Safety of immunotherapy with therapeutic vaccines containing depigmented and polymerized allergen extracts
Article first published online: 9 MAR 2007
Clinical & Experimental Allergy
Volume 37, Issue 3, pages 434–440, March 2007
How to Cite
Casanovas, M., Martín, R., Jiménez, C., Caballero, R. and Fernández-Caldas, E. (2007), Safety of immunotherapy with therapeutic vaccines containing depigmented and polymerized allergen extracts. Clinical & Experimental Allergy, 37: 434–440. doi: 10.1111/j.1365-2222.2007.02667.x
- Issue published online: 9 MAR 2007
- Article first published online: 9 MAR 2007
- Submitted 16 June 2006; revised 22 November 2006; accepted 29 December 2006
- allergen immunotherapy;
- modified allergen extracts;
Background The major complication of allergen immunotherapy is a severe reaction.
Objective To evaluate the safety of depigmented and glutaraldehyde-modified allergen extracts in a large group of patients undergoing immunotherapy treatment.
Material and methods Seven hundred sixty-six patients, having rhinoconjunctivitis and/or asthma, were entered in a prospective, multi-centre, observational cohort study, to evaluate the safety of immunotherapy with modified allergen vaccines. Patients were sensitized to mites and/or pollen and received a therapeutic vaccine containing depigmented and polymerized allergen extracts of mites and/or pollens adsorbed onto aluminium hydroxide. The schedule of administration consisted of a build-up phase of 4- to 6-weekly injections, followed by 12-monthly injections of the maintenance dose. Tolerance was assessed by recording all side reactions related to immunotherapy.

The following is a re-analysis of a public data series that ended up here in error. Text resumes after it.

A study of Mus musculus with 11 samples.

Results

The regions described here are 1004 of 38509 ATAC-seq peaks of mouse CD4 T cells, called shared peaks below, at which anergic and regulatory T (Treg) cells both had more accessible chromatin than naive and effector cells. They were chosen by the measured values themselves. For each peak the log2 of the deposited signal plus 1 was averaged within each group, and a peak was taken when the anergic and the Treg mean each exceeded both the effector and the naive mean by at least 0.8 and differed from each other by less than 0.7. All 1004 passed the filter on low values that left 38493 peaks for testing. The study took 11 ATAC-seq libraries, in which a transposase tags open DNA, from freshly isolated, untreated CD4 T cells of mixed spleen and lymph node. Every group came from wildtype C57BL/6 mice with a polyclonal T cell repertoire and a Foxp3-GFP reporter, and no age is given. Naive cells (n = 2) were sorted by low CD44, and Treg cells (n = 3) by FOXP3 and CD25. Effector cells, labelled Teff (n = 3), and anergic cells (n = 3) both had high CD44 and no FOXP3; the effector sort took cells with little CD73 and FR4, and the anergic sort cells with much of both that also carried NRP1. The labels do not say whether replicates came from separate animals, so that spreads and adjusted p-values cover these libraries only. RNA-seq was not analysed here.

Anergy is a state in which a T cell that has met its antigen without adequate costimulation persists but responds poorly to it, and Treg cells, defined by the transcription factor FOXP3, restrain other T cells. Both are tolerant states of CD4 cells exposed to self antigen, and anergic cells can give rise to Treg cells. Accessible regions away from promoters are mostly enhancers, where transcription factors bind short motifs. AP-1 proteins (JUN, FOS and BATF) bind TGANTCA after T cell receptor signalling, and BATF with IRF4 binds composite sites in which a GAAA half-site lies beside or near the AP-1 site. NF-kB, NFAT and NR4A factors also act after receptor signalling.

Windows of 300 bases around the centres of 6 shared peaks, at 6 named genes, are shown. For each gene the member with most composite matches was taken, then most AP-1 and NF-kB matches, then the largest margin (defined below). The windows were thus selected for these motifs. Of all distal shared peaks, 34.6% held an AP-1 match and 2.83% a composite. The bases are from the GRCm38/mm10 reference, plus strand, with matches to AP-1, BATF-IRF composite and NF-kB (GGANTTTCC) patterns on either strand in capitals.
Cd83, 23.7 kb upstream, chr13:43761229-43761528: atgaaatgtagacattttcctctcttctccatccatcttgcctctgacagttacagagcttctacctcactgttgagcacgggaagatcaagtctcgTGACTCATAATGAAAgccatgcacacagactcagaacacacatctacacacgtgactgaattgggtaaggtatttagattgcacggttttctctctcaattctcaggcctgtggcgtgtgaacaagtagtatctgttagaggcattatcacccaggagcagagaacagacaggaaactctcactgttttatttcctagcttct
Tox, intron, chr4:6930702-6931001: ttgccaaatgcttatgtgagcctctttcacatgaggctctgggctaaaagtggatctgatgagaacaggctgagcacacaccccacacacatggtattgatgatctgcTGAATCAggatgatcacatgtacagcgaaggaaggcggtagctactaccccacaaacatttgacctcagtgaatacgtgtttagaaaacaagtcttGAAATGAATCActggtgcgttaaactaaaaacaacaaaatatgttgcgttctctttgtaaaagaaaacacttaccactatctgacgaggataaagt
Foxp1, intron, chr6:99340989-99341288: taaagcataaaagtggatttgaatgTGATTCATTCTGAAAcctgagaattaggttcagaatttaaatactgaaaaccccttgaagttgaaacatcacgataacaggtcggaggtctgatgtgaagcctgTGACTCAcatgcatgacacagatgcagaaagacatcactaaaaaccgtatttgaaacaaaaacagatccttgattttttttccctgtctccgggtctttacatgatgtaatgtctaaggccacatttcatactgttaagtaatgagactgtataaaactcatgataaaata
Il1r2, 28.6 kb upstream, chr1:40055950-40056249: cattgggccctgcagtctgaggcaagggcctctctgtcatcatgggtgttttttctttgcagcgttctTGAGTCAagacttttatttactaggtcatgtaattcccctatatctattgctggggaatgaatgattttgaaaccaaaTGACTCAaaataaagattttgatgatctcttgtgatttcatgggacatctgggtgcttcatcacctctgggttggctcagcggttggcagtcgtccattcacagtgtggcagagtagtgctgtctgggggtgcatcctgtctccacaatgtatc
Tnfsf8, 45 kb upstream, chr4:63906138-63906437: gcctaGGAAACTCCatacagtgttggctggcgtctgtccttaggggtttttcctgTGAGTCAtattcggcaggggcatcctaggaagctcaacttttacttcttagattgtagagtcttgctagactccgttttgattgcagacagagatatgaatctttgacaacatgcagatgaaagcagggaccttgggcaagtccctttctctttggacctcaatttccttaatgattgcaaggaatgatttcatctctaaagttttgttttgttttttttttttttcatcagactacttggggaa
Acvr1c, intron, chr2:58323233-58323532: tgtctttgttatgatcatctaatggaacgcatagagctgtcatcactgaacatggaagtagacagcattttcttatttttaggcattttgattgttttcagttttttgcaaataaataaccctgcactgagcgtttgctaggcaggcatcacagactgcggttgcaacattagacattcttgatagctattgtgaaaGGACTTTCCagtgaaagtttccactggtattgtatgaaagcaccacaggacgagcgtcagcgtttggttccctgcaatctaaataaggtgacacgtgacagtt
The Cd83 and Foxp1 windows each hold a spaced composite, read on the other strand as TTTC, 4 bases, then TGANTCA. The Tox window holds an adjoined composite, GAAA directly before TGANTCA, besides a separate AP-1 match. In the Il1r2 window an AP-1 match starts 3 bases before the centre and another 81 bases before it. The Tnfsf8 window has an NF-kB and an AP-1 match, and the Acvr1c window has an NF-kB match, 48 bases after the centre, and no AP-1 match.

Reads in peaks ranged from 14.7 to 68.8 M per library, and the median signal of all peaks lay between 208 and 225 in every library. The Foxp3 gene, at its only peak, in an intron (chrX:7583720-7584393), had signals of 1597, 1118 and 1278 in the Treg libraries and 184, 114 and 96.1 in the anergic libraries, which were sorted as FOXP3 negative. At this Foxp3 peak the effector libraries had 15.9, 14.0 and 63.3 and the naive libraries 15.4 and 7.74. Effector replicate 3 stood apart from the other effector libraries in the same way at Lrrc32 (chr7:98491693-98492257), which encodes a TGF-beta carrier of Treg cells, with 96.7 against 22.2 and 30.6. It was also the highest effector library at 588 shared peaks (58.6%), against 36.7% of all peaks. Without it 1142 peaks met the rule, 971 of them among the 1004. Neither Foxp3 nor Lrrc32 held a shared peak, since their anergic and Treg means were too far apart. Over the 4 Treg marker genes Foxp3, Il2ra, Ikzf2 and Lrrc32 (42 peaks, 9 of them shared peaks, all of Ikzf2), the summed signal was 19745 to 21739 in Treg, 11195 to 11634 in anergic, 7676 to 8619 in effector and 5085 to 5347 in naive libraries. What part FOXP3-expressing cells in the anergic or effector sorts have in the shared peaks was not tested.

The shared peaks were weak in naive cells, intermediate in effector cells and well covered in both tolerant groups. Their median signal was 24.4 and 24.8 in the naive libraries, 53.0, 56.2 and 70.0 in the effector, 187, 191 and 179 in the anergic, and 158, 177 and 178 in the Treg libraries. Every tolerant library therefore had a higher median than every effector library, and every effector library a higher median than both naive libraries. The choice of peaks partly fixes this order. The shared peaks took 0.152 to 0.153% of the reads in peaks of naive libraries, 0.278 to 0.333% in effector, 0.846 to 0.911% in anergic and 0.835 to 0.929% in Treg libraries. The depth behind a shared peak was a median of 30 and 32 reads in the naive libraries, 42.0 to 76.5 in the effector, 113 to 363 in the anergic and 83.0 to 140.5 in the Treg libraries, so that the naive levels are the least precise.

Results All patients completed the study. Fifty-four clinically relevant local reactions (43 immediate and 11 delayed) were observed (0.4% of injections). The systemic reactions were 34 in 12 patients. Six reactions were immediate (all of grade 2) and 28 delayed (18 of grade 1 in two patients, nine of grade 2 and one of grade 3). The systemic reactions of grade 2 or 3 occurred in 0.12% of the injections. All systemic reactions were mild and resolved spontaneously without the need for medication.
Conclusion Specific immunotherapy using modified allergen vaccines is safe to treat allergic patients. The percentage of adverse reactions detected is lower than those reported in the literature with native-unmodified allergen extracts.